In August, most children are getting ready for a new school year, whether in person or virtually - they gather their school supplies, get new clothes and may get a physical or required immunizations, but rarely do they add vision screenings to their "back-to-school" list. However, healthy and corrected vision is critical to a successful academic year. As a child grows, an untreated eye disease or condition becomes more difficult to correct. These can worsen and lead to other serious problems such as reading ability, focus, behavior, personality and social adjustment in school.
The National Optometric Association (NOA) has declared August as Children’s Eye Health and Safety Awareness Month. The Lighthouse for the Blind of the Palm Beaches and community partners such as the Caridad Center, South Florida Science Museum and Head Start, typically conduct back-to-school vision screenings on children this time of year, but due to COVID-19, these public activities have been postponed until it is safe to do so. Through the screenings, the Lighthouse and its partners educate parents and caregivers on the steps that should be taken to ensure that their children are provided with the best opportunity to have a successful school year through healthy vision.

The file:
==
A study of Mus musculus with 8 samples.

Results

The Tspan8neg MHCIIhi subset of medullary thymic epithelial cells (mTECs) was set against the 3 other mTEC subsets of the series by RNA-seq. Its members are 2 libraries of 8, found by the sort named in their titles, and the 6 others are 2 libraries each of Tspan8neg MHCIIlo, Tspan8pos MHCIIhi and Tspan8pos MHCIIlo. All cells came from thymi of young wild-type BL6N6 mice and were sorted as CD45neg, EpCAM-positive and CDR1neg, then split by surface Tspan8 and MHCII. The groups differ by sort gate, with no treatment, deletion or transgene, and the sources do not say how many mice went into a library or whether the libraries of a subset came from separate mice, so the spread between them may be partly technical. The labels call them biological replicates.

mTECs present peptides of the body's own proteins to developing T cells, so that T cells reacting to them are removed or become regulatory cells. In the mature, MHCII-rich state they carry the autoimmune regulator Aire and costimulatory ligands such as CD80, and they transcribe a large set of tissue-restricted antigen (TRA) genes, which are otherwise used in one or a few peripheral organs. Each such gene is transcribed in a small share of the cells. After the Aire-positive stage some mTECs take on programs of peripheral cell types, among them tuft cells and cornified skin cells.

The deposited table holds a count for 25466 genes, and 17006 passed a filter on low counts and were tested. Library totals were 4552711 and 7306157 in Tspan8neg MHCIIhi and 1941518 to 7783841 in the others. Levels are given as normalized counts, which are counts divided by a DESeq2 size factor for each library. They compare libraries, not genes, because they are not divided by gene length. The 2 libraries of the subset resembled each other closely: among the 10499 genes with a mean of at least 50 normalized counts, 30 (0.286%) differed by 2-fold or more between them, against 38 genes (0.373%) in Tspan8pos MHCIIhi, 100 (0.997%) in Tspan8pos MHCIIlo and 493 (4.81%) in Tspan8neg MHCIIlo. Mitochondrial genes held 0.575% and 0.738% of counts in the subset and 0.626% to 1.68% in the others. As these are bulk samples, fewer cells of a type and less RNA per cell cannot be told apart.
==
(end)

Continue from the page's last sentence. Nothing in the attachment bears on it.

“By diagnosing and treating vision problems early, it actually helps prevent vision loss later in life,” said Mary Allen, Director of Vision Services at Lighthouse for the Blind. “Vision is so instrumental in how a child develops. A child may be at higher risk of developing a vision problem if he or she was born prematurely (less than 32 weeks completed gestation); has a family history of vision disorders or has had an eye injury.”
Vision disorders can affect a babies’ ability to bond with their parent/caregiver, their ability to explore the world by reaching and grasping, and also impede development of fine and gross motor skills. One in every 4 school-age children have some form of vision problem requiring treatment, 24% of teens with correctable vision have the wrong prescription and 80% of all blindness and vision impairment is either preventable or treatable.